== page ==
Reprinted from Gush Shalom
The service is by definition a central pillar of the Israeli occupation. It is admired by (Jewish) Israelis, feared by Palestinians, respected by security professionals everywhere. The occupation could not exist without it.
And here is the paradox: once the chiefs of the service leave their jobs, they become spokesmen for peace. How come?
Actually, there is a logical explanation. Shin Bet agents are the only part of the establishment which comes into real, direct, daily contact with the Palestinian reality. They interrogate Palestinian suspects, torture them, try to turn them into informers. They collect information, penetrate the most remote parts of Palestinian society. They know more about the Palestinians than anybody else in Israel (and perhaps in Palestine, too).
The intelligent among them (intelligence officers can indeed be intelligent, and often are) also think about what they become aware of. They come to conclusions that evade many politicians: that we are faced with a Palestinian nation, that this nation will not disappear, that the Palestinians want a state of their own, that the only solution to the conflict is a Palestinian state next to Israel.
And so we see a strange phenomenon: upon leaving the service, the Shin Bet chiefs, one after another, become outspoken advocates of the "two-state solution."
The same is happening to the chiefs of the Mossad, Israel's external intelligence service.
Their main job its to fight against the Arabs in general, and the Palestinians in particular. Yet the moment they leave the service, they become advocates of the two-state solution, in direct contradiction to the policy of the Prime Minister and his government.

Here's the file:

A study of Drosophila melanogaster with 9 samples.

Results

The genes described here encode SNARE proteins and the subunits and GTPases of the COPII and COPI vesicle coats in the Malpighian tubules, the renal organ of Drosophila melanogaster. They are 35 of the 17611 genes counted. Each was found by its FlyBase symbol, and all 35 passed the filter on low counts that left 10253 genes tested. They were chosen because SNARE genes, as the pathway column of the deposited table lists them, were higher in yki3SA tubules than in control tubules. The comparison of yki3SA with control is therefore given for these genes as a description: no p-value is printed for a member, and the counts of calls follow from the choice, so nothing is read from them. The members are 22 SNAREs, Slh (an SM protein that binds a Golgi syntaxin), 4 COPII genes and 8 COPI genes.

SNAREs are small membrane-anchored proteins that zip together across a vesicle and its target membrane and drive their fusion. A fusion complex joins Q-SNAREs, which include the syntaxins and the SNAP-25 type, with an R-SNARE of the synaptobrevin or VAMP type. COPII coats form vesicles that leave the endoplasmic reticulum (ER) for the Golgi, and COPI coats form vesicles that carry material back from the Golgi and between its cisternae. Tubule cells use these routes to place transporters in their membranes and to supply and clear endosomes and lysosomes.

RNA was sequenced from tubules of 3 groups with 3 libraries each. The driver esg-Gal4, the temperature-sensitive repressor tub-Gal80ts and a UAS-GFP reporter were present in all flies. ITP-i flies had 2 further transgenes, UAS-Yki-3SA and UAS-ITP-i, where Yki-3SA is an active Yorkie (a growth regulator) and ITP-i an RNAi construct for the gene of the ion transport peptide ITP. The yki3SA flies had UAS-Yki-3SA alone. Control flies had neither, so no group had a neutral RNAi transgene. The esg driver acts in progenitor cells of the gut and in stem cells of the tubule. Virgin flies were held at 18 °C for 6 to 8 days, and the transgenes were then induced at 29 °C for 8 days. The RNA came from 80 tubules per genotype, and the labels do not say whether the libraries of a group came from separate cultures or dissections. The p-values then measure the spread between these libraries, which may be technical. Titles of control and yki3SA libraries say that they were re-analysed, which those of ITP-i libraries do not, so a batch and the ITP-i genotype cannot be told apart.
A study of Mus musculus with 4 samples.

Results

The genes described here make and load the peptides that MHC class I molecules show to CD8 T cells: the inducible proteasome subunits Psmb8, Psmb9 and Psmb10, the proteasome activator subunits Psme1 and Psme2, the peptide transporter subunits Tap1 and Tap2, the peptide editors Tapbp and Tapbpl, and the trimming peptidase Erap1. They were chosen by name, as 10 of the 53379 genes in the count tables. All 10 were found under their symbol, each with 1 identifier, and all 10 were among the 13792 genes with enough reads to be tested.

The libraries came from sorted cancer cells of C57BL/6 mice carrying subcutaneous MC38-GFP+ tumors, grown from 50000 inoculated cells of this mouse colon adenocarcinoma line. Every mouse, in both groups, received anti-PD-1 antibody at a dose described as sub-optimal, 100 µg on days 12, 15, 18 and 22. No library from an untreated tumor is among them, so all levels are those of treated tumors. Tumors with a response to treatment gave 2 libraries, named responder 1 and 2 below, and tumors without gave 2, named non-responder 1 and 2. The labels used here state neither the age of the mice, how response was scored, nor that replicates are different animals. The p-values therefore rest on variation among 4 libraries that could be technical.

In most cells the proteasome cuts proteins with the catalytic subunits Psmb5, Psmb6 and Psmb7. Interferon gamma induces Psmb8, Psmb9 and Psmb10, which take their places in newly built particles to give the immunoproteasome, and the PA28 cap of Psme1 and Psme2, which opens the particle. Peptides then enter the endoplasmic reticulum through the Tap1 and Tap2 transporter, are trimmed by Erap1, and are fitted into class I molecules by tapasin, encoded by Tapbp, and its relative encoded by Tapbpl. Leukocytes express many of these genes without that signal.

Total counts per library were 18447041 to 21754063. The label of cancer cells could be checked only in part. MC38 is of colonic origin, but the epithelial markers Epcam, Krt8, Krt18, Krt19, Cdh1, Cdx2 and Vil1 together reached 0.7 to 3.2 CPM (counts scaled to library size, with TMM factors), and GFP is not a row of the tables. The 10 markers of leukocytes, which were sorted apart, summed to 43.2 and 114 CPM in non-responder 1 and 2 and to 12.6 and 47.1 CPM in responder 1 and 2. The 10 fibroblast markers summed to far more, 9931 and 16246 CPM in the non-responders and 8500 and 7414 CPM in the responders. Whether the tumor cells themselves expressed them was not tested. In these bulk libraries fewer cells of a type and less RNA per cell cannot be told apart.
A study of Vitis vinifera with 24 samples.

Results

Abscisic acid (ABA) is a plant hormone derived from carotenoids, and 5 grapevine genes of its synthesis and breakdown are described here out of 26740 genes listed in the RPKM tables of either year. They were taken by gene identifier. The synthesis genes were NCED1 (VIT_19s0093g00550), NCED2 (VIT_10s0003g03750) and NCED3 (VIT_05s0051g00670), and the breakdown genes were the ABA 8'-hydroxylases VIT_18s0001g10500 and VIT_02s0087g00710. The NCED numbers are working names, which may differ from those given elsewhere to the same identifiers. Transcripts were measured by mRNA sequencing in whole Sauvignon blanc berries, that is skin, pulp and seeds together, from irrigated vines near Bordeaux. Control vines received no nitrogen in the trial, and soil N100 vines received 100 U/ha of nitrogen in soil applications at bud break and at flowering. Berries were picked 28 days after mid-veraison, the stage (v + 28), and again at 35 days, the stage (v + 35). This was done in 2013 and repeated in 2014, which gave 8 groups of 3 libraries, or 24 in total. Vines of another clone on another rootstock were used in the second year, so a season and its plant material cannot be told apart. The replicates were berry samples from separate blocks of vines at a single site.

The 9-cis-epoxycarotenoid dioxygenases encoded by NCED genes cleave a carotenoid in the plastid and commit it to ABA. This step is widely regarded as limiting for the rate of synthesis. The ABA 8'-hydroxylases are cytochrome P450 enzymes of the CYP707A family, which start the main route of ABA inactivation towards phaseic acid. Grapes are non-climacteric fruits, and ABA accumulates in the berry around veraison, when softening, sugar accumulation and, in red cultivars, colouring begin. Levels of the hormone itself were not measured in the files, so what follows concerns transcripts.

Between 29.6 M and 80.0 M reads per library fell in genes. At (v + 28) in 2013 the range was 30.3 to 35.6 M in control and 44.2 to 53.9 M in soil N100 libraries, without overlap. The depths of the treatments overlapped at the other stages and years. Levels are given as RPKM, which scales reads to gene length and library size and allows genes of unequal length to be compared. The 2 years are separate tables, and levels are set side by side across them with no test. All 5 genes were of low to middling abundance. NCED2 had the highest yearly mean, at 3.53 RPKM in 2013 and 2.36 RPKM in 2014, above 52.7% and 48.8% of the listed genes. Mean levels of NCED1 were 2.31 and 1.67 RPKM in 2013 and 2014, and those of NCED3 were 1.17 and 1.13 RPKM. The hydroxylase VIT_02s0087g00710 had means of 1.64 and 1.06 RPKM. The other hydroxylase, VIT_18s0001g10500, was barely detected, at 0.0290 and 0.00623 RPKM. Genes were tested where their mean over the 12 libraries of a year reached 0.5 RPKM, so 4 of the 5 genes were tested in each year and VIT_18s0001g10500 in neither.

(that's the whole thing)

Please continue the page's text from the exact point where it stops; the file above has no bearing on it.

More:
ALL PERSONNEL of the two secret services are, well -- secret. All except the chiefs.
(This is my achievement. When I was a member of the Knesset, I submitted a bill which stipulated that the name of the service chiefs be made public. The bill was rejected, of course, like all my proposals, but soon after the Prime Minister decreed that the names of the chiefs be indeed made public.)
Some time ago, Israeli TV showed a documentary called "The Doorkeepers," in which all the living ex-chiefs of the Shin-Bet and the Mossad were asked about the solutions to the conflict.
All of them, with different levels of intensity, advocated peace based on the "two-state solution." They expressed their opinion that there will be no peace unless the Palestinians achieve a national state of their own.
At the time, Tamir Pardo was the chief of the Mossad and could not express opinions. But since early 2016, he is again a private person. This week he opened his mouth in public for the first time.
As his name suggests, Pardo is a Sephardic Jew, born 63 years ago in Jerusalem. His family came from Turkey, where many Jews found refuge after the expulsion from Spain 525 years ago. So he does not belong to the "Ashkenazi elite" which is so detested by the "Oriental" part of Jewish-Israeli society.